Rashi Fein, a Harvard economist considered one of the fathers of Medicare, who threw his intellectual and moral weight behind full, affordable healthcare for nearly seven decades, stretching from the Truman administration to the Obama presidency, died Sept. 8 in Boston. He was 88.
The cause was melanoma, said his son, Alan.
Fein began studying the economics of medical care in the early 1950s when he worked for President Truman’s Commission on Health Needs. In 1961, as a senior staffer on President Kennedy’s Council of Economic Advisers, he played an instrumental role in crafting the policies and regulations that were enacted as Medicare in 1965.
He became an advocate for universal healthcare, or “Medicare for all,” who welcomed incremental progress while continuing to press for a single-payer system consolidated under the federal government.
“My preference for a universal insurance program derives from my image of a just society,” he wrote in his book “Medical Care, Medical Costs,” published in 1986. “It’s an image based on a broadly defined concept of justice and liberty, nurtured by stories my parents told me. … To them, liberty meant more than political freedom; it also meant freedom from destitution — in Roosevelt’s phrase, ‘freedom from want.’”
Fein “was the liberal conscience of healthcare economics and policy,” said Dr. Ezekiel J. Emanuel, an expert on healthcare management and policy at the University of Pennsylvania who had studied under Fein at Harvard Medical School. “I often describe Rashi as one of the three original horsemen, one of the three economists [along with Eli Ginzberg and Victor R. Fuchs] who, well before any serious healthcare cost issues, recognized the importance of focusing on health.”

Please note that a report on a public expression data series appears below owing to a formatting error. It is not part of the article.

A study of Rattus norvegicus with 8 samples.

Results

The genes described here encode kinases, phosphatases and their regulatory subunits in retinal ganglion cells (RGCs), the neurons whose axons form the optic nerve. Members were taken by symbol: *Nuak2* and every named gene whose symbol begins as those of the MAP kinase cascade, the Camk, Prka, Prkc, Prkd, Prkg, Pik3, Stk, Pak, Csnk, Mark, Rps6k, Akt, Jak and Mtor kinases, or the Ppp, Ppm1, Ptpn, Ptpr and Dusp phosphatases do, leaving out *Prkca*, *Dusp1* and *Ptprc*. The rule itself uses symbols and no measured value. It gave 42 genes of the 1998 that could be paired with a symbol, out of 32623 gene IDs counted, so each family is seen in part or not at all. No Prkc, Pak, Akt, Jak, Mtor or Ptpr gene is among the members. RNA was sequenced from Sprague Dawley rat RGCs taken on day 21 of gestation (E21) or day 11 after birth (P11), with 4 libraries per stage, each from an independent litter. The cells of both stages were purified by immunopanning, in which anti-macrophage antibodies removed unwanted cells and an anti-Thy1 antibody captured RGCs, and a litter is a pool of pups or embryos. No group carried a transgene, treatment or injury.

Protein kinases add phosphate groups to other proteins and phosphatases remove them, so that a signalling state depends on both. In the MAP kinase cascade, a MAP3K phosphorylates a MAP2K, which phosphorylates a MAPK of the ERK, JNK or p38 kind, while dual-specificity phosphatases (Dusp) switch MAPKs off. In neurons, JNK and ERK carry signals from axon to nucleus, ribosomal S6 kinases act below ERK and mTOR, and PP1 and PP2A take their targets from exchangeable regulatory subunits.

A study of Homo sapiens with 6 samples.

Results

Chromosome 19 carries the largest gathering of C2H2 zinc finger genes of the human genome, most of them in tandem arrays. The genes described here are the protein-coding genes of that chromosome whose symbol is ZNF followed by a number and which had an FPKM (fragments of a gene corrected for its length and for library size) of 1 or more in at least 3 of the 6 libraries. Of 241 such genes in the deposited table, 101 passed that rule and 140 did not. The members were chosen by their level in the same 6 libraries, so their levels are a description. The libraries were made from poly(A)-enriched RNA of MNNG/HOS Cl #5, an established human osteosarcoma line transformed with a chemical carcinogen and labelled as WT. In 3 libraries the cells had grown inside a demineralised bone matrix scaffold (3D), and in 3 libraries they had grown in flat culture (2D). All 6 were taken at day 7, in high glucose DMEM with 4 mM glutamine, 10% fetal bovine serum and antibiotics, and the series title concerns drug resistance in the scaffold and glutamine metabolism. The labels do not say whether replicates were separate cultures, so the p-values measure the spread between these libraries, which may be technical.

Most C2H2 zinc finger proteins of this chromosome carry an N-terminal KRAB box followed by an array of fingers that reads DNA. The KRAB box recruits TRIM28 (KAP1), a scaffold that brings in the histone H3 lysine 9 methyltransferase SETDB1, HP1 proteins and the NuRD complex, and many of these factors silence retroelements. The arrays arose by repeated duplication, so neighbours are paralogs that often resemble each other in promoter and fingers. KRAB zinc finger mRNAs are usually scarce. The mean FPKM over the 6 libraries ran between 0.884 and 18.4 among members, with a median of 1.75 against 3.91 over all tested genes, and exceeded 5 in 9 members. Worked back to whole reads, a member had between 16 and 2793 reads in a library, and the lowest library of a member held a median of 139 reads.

Fein spent 24 years at Harvard, where he taught the economics of medicine. He wrote or co-wrote nine books, including “The Health Care Mess: How We Got into It and What It Will Take to Get Out” (with Julius B. Richmond, 2005) and “Learning Lessons: Medicine, Economics, and Public Policy” (2010).
“He was one of those people from the world of universities who easily crossed the boundary between expert scholarship and the real world of policy-making, legislation and politics,” said Allan M. Brandt, a professor of the history of medicine at Harvard.
Describing his longtime friend as “hopeful but realistic,” Brandt said Fein supported new initiatives, including the Affordable Care Act signed into law in 2010, while remaining concerned about their limitations. “Fein was convinced that the best and fairest way of ensuring healthcare for all was a single-payer system. That was his essential difference with the Affordable Care Act,” Brandt said.
Fein was born in New York City on Feb. 6, 1926. His parents — Russian Jews who had fled the revolution — gave him and his younger brother, Leonard, strong moral guideposts. “They believed in social justice and the importance of everybody having the same opportunities,” Alan Fein said.
Leonard Fein became a writer and activist who founded the influential Jewish journal Moment and a Los Angeles-based charity devoted to ending hunger, Mazon. He died in August at age 80.
After serving in the Navy during World War II, Rashi Fein studied political economy at Johns Hopkins University, earning a bachelor’s degree in 1948 and a doctorate in 1956.
He combined his interests in theory and public policy in a dissertation on the factors affecting the price of medical services.
“That is how it was that I drifted into the health field,” he wrote in “Learning Lessons,” an anecdote-filled chronicle of his decades in the policy arena.
He was teaching at the University of North Carolina at Chapel Hill when he contributed to the Truman administration commission examining the feasibility of a national health insurance program. He was a fellow at the Brookings Institution when he was working on the guidelines for what became Medicare under President Johnson.
After joining Harvard in 1968, he began to work closely with Sen. Edward M. Kennedy of Massachusetts and the Committee for National Health Insurance. He retired in 1999 but continued to write and speak on healthcare issues.
Frustrated that changes in health policies were often overly complex, Fein urged simplicity: “If the program looks like a Rube Goldberg creation,” he wrote a few years ago, “put it in a cartoon, not in the legislative hopper.”
In addition to his son Alan, Fein is survived by his wife of 65 years, the former Ruth Judith Breslau; another son, Michael; a daughter, Karen; and four grandchildren.